TEN TIPS ON CLEANING YOUR CLARINET MOUTHPIECE – PLUS A BONUS TIP
How to Clean a Clarinet Mouthpiece?
How do you properly clean a clarinet mouthpiece? Is there different ways to clean different mouthpieces if they're wood, plastic, or some other material? They say to dip it in soapy water and then rinse it and wipe it off for plastic mouthpieces. What does it mean when you smell a horrible smell from the mouthpiece? What do you recommend?
Here are some tips to cleaning clarinet mouthpieces:
1. Keep your clarinet mouthpiece clean. Try to avoid gunk building up inside or around the mouthpiece. Gunk on the inside (slimy or eventually hard) will change the sound of the mouthpiece and often to the worse.
2. Whether the mouthpiece is plastic, hard rubber, crystal, or wood, always take care in cleaning it. Handle the mouthpiece carefully. If you drop it on the floor or in the sink, it could chip and ruin it.
3. Before you put water on the mouthpiece, put a nice coating of cork grease on the cork to protect it. Do not saturate the cork with water, otherwise, you will be heading to the instrument repair person to add a cork to your mouthpiece.
4. If washing it out in a sink, use only cold water. Hot water could warp a plastic, hard rubber, or wood mouthpiece.
5. Take care in how you clean the inside of the mouthpiece out. Do not shove hard plastic or metal wire items into the mouthpiece to scrape off harden gunk or buildup. These could damage the mouthpiece. Even if you scrape off or scratch a mouthpiece by a 1/1000th of an inch, it could change the mouthpiece dramatically.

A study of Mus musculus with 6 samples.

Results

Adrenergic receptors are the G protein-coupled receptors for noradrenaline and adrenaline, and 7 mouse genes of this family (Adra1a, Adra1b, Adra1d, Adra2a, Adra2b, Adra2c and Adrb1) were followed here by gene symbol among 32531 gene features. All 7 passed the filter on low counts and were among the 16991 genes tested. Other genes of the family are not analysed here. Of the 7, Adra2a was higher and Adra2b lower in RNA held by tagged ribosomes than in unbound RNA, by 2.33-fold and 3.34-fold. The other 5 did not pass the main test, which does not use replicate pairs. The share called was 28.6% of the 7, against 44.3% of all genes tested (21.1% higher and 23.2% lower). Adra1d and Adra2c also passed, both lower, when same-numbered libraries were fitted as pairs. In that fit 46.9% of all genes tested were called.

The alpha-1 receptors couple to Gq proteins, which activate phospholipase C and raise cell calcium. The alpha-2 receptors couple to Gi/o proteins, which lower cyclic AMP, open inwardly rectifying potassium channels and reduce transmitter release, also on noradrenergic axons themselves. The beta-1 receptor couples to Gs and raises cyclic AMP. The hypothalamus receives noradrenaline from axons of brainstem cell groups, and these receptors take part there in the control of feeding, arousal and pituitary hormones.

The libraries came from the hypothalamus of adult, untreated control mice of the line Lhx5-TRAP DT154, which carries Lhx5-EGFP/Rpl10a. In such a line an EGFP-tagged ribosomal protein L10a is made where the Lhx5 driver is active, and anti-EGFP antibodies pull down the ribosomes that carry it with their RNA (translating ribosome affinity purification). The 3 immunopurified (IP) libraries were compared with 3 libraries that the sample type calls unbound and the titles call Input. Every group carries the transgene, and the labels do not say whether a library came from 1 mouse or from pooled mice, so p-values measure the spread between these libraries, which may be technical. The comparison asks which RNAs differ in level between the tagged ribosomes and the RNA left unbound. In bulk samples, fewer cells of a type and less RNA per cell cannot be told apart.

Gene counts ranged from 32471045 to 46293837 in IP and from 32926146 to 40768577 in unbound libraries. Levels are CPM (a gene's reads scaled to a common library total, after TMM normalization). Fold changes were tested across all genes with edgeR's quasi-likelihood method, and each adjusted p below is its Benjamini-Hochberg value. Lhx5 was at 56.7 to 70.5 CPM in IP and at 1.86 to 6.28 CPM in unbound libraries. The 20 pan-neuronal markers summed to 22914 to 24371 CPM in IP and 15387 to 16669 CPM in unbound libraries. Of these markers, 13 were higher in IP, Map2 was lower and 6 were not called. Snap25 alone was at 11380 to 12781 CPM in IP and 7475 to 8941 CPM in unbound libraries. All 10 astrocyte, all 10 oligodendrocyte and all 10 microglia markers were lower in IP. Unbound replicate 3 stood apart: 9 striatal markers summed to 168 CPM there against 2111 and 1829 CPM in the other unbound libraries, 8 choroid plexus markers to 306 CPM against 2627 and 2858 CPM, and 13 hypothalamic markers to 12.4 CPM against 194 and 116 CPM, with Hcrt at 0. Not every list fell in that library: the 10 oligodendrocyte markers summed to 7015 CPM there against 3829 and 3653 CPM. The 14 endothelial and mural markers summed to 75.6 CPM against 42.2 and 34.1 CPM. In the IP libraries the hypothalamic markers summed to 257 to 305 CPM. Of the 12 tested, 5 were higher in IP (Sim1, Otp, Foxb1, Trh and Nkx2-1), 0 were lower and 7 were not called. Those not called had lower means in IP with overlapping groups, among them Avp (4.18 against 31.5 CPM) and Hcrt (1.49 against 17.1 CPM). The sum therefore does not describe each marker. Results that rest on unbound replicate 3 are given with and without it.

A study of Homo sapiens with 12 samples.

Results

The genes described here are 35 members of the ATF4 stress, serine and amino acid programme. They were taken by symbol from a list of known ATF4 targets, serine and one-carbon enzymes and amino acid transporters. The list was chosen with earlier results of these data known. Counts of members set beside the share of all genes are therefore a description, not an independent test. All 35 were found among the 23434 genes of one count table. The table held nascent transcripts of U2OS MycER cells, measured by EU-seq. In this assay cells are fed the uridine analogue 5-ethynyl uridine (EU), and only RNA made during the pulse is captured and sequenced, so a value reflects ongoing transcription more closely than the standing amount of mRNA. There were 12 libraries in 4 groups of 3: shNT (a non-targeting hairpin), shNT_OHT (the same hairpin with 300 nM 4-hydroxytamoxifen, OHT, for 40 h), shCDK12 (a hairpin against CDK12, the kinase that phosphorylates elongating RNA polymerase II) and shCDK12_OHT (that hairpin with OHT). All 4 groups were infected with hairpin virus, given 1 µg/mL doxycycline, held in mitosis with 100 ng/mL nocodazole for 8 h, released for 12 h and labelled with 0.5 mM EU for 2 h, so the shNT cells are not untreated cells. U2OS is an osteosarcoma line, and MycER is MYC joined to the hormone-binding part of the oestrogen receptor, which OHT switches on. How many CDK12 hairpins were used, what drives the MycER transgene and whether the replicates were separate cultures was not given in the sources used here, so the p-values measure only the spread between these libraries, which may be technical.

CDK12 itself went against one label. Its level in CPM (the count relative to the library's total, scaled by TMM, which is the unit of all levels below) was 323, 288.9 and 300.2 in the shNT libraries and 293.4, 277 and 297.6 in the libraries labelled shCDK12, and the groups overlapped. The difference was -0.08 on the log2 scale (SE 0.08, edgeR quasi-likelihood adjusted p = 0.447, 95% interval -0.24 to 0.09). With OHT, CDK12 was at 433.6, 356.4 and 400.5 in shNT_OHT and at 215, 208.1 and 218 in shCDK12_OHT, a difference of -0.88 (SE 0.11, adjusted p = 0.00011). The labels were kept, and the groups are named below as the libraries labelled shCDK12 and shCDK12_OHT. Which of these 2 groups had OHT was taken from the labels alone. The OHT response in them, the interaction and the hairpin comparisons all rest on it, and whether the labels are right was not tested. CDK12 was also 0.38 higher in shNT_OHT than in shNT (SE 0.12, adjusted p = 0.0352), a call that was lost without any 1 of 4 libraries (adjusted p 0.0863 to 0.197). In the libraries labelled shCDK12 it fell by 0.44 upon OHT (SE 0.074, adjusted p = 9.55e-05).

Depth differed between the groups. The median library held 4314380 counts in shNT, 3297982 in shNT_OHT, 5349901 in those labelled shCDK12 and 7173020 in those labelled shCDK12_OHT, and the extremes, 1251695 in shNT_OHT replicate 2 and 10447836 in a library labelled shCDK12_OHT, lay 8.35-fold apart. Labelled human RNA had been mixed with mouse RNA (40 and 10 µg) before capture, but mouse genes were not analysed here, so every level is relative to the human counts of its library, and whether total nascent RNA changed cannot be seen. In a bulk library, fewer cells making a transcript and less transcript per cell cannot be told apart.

6. I will often take a paper towel, fold it up, wet it, and then wipe the inside of the mouthpiece. Another possibility if you are not too aggressive, is to use a Q-tip with water.
7. Using soap is okay to lightly scrub the mouthpiece. Also, you can use mouthwash to help eliminate germs.
8. Get a dry paper towel and dry off the outside and inside of the mouthpiece. Make sure the cork is dry. Do not get too aggressive with drying the inside of the mouthpiece as you do not want to scratch up that area (the inside of the mouthpiece is referred to as ‘the chamber’).
9. Some old plastic or hard rubber mouthpieces will have an odor that might not go away with cleaning. If you cannot stand the odor, shop for another mouthpiece.
10. Honestly, I would steer clear of wooden mouthpiece made for the clarinet. After all, you will blow into the instrument and condensation will build up. Water on wood usually makes wood swell up. I cannot imagine the original dimensions of your wooden mouthpiece (the dimensions that made you choose the mouthpiece) would be stable over time.
BONUS TIP ON MOUTHPIECE CLEANING! Clean your mouthpiece daily. However, take care in cleaning it with your clarinet swab. Some clarinet swabs are made with a bare metal weight on the end of the string. If you run the bare metal weight through your mouthpiece every single day, it will cause scratches and change the inside, chamber dimensions of the clarinet mouthpiece.
Find a swab that either has cloth or rubber over the metal weight. I would lightly run the weight through the mouthpiece, pull the string through, allow the cloth to get to the mouthpiece, and then rotate the cloth slightly. DO NOT PULL THE CLOTH THROUGH THE MOUTHPIECE. Too much material will eventually get stuck. I would reverse the cloth, and put the clarinet away.
Don’t forget, after you clean the mouthpiece, go and enjoy it by practicing.